One year ago this month, the College of Cardinals elected Jorge Mario Bergoglio as the pope of the Roman Catholic Church. The act itself was momentous. Bergoglio was the first non-European pope in nearly 1,300 years and the first from the Americas. He also was the first Jesuit pope. Jesuits have a history as defenders of the Catholic faith — missionaries who are willing to engage the world in both spiritual and temporal terms.
But, one year on, the historic nature of his selection seems trivial compared to what he has accomplished in rhetorical tone and personal example. Pope Francis promises to be a different kind of pope, one that may herald a resurgence for the Catholic Church.
First, the new pope took the name of Francis after Francis of Assisi, who founded the Franciscans and was known for eschewing wealth, practicing humility, and his commitment to preaching a simple gospel of Christ. Interestingly, Francis of Assisi never held clerical office in the Catholic Church. Instead, he was a brother who founded a set of orders emphasizing poverty, sacrifice and repentance.
Pope Francis has sought to humanize the papacy and help Catholics understand the pope as a human being rather than someone who deserves an exalted status. He told an Italian newspaper that “to depict the pope as a sort of superman, a sort of star, seems offensive to me. The pope is a man who laughs, cries, sleeps tranquilly and has friends like everyone else, a normal person.”
His actions conform to his words. He chose not to live in the palatial chambers of past popes and instead resides in a small apartment he took when he was part of last year’s conclave of cardinals selecting a new pope. By doing so, he can mingle with others rather than be isolated in the papal palace.
He also has demonstrated his own preference for a more Spartan lifestyle than the opulence associated with the papal palace. He abandoned the popemobile favored by his predecessors for less ostentatious transportation. At first he was driven in a Ford Focus, but now he drives himself around in a 1984 Renault. With a smaller car, Pope Francis is less distant from those who gather to see him.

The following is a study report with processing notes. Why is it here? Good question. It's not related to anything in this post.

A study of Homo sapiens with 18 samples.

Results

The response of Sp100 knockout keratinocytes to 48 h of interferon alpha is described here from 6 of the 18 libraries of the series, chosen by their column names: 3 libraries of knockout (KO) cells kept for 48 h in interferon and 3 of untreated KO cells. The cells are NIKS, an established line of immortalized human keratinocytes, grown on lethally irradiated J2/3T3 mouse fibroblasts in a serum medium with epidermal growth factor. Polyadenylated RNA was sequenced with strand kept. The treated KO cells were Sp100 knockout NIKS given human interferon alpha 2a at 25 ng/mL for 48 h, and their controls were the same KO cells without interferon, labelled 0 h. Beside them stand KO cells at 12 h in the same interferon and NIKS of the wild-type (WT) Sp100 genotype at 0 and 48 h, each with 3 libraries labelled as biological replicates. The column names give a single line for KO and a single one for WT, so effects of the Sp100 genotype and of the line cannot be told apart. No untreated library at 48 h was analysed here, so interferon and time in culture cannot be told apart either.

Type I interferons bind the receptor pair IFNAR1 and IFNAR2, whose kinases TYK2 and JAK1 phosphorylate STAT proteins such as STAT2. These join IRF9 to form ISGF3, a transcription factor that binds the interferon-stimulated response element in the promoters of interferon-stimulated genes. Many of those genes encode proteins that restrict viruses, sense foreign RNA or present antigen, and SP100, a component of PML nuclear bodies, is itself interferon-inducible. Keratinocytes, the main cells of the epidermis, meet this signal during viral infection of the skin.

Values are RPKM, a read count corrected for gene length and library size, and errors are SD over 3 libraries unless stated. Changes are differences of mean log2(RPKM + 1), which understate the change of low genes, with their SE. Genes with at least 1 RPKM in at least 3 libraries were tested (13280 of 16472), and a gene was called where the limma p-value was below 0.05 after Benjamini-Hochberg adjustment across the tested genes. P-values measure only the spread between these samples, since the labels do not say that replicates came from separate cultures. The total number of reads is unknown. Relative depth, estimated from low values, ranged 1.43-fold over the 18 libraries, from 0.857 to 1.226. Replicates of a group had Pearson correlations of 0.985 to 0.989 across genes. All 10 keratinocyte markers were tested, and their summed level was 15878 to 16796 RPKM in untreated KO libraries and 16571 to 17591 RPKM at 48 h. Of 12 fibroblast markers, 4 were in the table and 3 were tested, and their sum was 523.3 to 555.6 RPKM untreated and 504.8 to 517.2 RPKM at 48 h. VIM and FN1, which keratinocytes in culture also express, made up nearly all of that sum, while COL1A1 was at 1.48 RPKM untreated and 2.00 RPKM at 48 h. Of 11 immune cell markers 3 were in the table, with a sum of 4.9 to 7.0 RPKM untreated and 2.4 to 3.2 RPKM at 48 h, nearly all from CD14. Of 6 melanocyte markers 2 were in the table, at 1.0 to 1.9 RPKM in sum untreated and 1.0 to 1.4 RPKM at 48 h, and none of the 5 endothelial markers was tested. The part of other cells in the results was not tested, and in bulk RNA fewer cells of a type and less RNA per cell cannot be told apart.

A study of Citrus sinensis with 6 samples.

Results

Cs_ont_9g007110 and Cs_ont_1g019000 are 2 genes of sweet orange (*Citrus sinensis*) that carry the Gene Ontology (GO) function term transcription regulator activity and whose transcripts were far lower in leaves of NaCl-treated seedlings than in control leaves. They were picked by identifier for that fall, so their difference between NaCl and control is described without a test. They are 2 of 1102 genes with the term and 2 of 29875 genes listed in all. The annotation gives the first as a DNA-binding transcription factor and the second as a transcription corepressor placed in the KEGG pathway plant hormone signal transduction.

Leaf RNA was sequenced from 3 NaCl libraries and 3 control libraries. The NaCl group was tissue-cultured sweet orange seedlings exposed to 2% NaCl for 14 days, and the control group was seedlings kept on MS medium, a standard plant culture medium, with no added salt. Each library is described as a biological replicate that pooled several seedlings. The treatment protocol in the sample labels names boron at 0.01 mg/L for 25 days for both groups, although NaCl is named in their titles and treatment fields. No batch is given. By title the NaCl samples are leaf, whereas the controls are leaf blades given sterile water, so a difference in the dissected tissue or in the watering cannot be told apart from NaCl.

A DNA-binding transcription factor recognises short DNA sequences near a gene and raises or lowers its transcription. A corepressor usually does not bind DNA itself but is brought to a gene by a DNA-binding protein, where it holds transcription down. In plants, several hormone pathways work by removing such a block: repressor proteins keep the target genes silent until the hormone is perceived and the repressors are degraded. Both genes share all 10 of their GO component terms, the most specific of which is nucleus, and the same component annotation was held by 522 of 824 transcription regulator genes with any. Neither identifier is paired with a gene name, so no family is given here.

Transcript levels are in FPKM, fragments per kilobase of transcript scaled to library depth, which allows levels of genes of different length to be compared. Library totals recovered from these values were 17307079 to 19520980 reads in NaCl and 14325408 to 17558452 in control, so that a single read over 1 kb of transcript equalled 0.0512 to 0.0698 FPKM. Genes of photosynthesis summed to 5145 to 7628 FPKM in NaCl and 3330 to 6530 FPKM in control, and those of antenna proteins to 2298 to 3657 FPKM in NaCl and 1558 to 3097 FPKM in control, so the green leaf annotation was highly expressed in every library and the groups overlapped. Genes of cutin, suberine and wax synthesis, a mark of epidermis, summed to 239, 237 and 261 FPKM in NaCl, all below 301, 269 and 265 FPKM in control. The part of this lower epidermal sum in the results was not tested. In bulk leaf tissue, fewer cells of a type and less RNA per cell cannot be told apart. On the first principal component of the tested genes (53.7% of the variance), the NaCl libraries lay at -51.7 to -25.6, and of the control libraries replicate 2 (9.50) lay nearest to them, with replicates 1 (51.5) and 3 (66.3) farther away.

Pope Francis also has bypassed the Vatican Curia, the bureaucracy that directs the church from Rome, by appointing eight cardinals to be his own counselors advising him on church matters. Initially, he directed them to recommend reform of the Curia, although their role is wider than that. But that reform, such as streamlining the bureaucracy, better management of financial matters and reducing the infighting, may be only one of their tasks in Pope Francis’ papacy.
Another change Pope Francis has wrought is in the treatment of social issues. He has condemned the “throwaway culture” that characterizes legalized abortion and also reiterated the church’s opposition to same-sex marriage. However, while the new pope adheres to traditional Catholic doctrine on abortion and same-sex marriage, he has said that the Catholic Church should not dwell on these issues but be broader in the messages it sends to the world.
And Pope Francis has reiterated the message of love towards those who are gay. He commented that “If a person is gay and seeks God and has good will, who am I to judge them?” This statement suggests Pope Francis may be open to greater spiritual understanding of the issues faced by gay Catholics.
Perhaps Pope Francis’ most dedicated mission is to improve the life of the poor. He has criticized the growing gap between the rich and the poor and the accumulation of wealth. He has stated: “The gospel condemns the cult of well-being” and that “he who keeps his granary full of his own selfishness, the Lord, in the end, will present him with the bill.”
In one year, Pope Francis has transformed the papacy and redirected the Catholic Church through his personal example. It is a dramatic start for what promises to be a transformative papacy.
Richard Davis is a professor of political science at Brigham Young University. His opinions do not necessarily reflect those of BYU.